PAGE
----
Yoda (Clone Wars)
Released September, 2003
Reviewed by Adam Pawlus
Photography by Michael Sullenger
Reviewed on October 1, 2003


At first a laughable, unnecessary resculpt, Clone Wars Yoda turned out to be a fairly interesting chunk of plastic.

Yoda is packaged with a lightsaber, a poncho of sorts, and a Hoverchair.


It took Hasbro nearly two years to figure it out, but Yoda is hot. They can crank out new versions all day long and they'll sell in days. As such, what better time to release a Yoda figure than when you have an excuse to redesign him?

Straight out of the package, Yoda looks a little odd. A sash or bandolier covers a fairly flimsy looking poncho, and one has to wonder what purpose, other than an aesthetic one, it could possibly serve. Hasbro wisely kept the color scheme of Yoda unchanged, and while he's not exactly draped in robes and walking in a hunched-over position of wisdom, he does look like he's ready to pound some Separatists into the ground. The robe itself is not listed as removable, but Hasbro said during the unveiling of these toys that these accessories would come off for the fans that didn't like them, which is a nice extra that really adds to the play value.

There's really not much you can do with a brown body suit, and it shows. The articulation is limited to the neck, shoulders, and waist and there's really nothing groundbreaking here. Yoda's head is essentially the same as the one used in the first AOTC version last year, but he does have a great little pose that lets him outstretchhis right arm in a fairly grandiose gesture.

The figure has very little to offer in the way of anything groundbreaking, and the design reminded many of the stereotype of an old Mexican revolutionary, and short of a moustache and a couple of revolvers, it's easy to see that. This Yoda also looks a lot younger than before, mostly due the outfit and pose, but it's a neat new way to present a character that hasn't changed all that much over the past 20 years.


This set includes a lightsaber and a Hoverchair. Why Hasbro calls it a chair, I don't know, because he can't sit in it.

With such a short General, it was obvious that not even the finest elevator boots could lift him high enough to see his troops. As such, he's got this nifty platform with four moving "legs" to give him some extra height.

He can be placed upon it without a problem, as his peg holes and the pegs in the platform align perfectly. It's great to see a figure interact with his accessory so flawlessly, and as such, it more or less is a winner. It does have a shortcoming in that the legs of the chair are very floppy, and if picked up and set back down, they might reposition themselves so that without further manipulation, it might fall. Still, it's a nice extra and better than getting a figure without it.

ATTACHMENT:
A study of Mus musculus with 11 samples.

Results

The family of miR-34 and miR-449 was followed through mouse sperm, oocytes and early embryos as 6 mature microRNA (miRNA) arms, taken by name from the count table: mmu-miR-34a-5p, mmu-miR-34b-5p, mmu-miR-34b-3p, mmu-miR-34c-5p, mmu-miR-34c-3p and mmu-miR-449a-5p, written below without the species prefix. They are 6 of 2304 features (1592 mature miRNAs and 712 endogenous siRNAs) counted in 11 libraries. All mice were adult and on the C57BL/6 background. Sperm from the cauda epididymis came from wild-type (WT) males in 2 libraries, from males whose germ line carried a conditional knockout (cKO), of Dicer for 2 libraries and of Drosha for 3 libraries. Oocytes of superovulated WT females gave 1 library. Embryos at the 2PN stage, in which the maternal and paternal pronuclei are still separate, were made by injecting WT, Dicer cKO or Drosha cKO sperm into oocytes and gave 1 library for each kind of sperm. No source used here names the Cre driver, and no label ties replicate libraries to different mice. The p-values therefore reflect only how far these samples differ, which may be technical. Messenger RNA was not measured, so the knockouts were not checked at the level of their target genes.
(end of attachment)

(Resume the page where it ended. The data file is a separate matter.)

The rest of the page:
The lightsaber is an all-new sculpt, which is both good and bad. A plastic version of Yoda's lightsaber (as opposed to the metal one) was released with Yoda & Chian earlier this year, and this one is completely new... and wrong. If you look closely at where the blade touches the hilt, you can see that the hilt is much longer than it was painted. Apparently the original plan was to have a full-size hilt with a short blade but it didn't get painted that way.

This isn't a huge blunder, and due to the bright plastic it's likely many people won't notice it unless it's pointed out to them, but it is amusing. In the end, Yoda's accessories work, but not perfectly. He can interact with them just fine, but it's the accessories themselves that were a little funky.


New for 2003, the Clone Wars package theme.

The same figure was also packaged in a Wal-Mart exclusive Bonus Pack with a yellow Clone Trooper Commander.


Seemingly the most popular of the initial Clone Wars series, Yoda comes and goes fairly quickly and has been spotted both online and off. If you want one, keep looking, he's around.


It's a truly bizarre idea to rework the wheel, and Hasbro managed to do it. This is a lean, mean, grean fighting machine and he's ready to do battle. The question is, will fans buy the idea of Yoda as a great warrior, despite have having said that "wars not make one great."

It seems, so far, that this was a good figure for Hasbro to produce, and it is a fun little toy. It seems sturdy, it looks good, and it's a popular character. For five dollars, it's worth it, and for five dollars with a bonus clone trooper, you'd be crazy to pass on it. Be sure to snag one to populate your desk when you see it.

Our regular sample was obtained from Entertainment Earth in September 2003. Our bonus pack sample was purchased at a Scottsdale, AZ Wal-Mart in September, 2003.